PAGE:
Are crypto and blockchain going to replace traditional systems of banking and finance? And could they pose a serious threat to central banks around the world? Well… yes. Cryptocurrencies are a significant threat to banks and according to our sources, most of the latter have taken an “if you can’t beat them, join them” mindset. Keep reading to find out more about the future of monetary systems.
If you asked us if decentralized finance could replace banking and traditional finance, the answer would be yes, of course. Cryptos could take over from fiat in all its uses as a store of value, medium of exchange and unit of account without hesitation. Decentralized blockchain-based systems could easily replace traditional banking with higher levels of security, faster transactions, lower fees and smart contracts. Decentralized finances allow us to already lend money or take out a loan, raise money for projects, and make payments. But this is just the beginning.
As a rare, beautiful metal that doesn’t corrode, gold took the role of money over many centuries because people agreed to give a certain value to it. Now, many investors are giving value on Bitcoin because, like gold, it is also rare – at this point there are about 18,7 million Bitcoins in circulation, and only a total of 21 million are available to be traded at all. What is more, Bitcoin is very secure – it can’t been hacked because of it’s secure blockchain technology, which requires the Bitcoin miners to use enormous amounts of computing power to verify their transactions, known as “proof of work.”
So, how does the “proof of work” work? Blockchains are made of blocks of data that are chained together as a computerized ledger of transactions. This ledger can’t be altered by anyone as each block has a timestamp which creates a permanent chronology of the inputted data. All users collectively hold control and only those with the necessary computing power can take part. Any meddling would be easily trackable, because every computer involved (these computers are called “nodes”) contains the whole history of all Bitcoin transactions, so if a user tries to modify a transaction, all the other nodes are able to cross-reference one another and discover the false information. Thus, blockchain constitutes a new form of shared value or money that is valuable because it cannot be breached or questioned. So Bitcoin actually could be looked at as a digital gold, in some ways.
But then again, Bitcoin is already an aging technology, regardless of the fact that it still is the biggest cryptocurrency to this day. Newer types of blockchain cryptocurrencies, for example Ethereum, are planning to cut down on the massive use of electricity by being based on “proof of stake” (how much money is invested) instead of “proof of work”. If Bitcoin can only be seen as a digital gold and store of value, Ethereum is also a blockchain-based platform for developers to create and manage apps that offer “smart contracts” for traditional financial products, like insurances or loans, without the need for agents like brokerages or banks. Ethereum and more “public blockchains” also offer nonfungible tokens (NFTs), that have already helped many artists, musicians, and even baseball card collectors to sell directly to the public without involving agents like banks, record labels, publishers, or lawyers.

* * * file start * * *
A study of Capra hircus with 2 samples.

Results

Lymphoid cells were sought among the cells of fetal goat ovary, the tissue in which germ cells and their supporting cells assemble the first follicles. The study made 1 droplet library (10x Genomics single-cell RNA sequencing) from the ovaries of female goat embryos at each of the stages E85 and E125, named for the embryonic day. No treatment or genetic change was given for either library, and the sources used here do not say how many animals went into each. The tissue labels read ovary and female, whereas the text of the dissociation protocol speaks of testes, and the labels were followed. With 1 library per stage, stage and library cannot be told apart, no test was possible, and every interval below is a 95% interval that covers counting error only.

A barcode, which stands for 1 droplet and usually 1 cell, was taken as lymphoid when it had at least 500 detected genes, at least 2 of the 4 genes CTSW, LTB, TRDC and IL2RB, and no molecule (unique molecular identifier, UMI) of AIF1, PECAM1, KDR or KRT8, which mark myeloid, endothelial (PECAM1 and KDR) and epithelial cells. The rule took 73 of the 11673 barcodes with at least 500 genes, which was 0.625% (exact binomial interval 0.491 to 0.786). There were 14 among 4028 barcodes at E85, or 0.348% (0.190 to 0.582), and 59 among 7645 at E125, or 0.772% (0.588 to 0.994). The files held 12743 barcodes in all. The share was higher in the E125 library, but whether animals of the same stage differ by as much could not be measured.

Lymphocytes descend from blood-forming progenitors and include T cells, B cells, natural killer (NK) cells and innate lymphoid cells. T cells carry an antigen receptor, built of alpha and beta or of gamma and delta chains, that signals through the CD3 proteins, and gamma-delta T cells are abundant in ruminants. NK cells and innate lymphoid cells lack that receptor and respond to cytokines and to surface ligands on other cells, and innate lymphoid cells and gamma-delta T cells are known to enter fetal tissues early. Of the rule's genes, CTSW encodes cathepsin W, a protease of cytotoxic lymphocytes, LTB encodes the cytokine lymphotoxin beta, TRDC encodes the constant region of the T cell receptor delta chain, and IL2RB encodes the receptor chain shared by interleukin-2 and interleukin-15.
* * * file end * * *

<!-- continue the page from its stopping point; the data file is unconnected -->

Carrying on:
A lot of people already believe that we could easily move from banking and finance to a more efficient and digital decentralized economy. But will it really happen? Banks and governments still have the most power in the world. It would be wide-eyed to think that they will just sit back and wait as crypto and blockchain replace them. Taxes need to be paid, and the governments need their cuts. As for now, nearly all world governments have at least considered releasing a digital version of their currency from their central bank – mainly to stop Bitcoin and other cryptos from gaining too much power.
In addition, central banks are trying to beat cryptocurrencies with a new ambitious concept called “stablecoins.” Stablecoins are digital currencies that are pretty much like cryptocurrencies, but instead of being fully decentralized like Bitcoin, they are completely backed with safe and liquid assets in the country’s domestic currency.
So the new reality seems to be that banks will be adopting blockchain systems in order to avoid the risk of becoming left out of the finance game. But instead of a free self-governing utopia, the future is taking shape to merge traditional financial institutions and banks with blockchain technology. However, many central banks are still confused as to what they can bring to the table. Ultimately, they are the exhaust opposite to the original argument of Bitcoin – providing a decentralized and private method of transacting.
In conclusion, traditional banks and financial services are going to need to adjust their ways to create more value to their users. The fact is that as our society becomes more informed on cryptos and blockchains, the more they see the advantages of them in the future of finance. More investors are becoming interested in crypto every day as there are so many resources available to find out more about blockchain technology implications. Banks and governments only need to adapt to it as well as possible.
Kiara Sofia Smith
My current focus is blockchain technology and cryptocurrency. One could even call me a blockchain “enthusiast.” I have worked for almost a decade on several financial projects related to the stock market news, fundamental research and technical analysis for several blogs.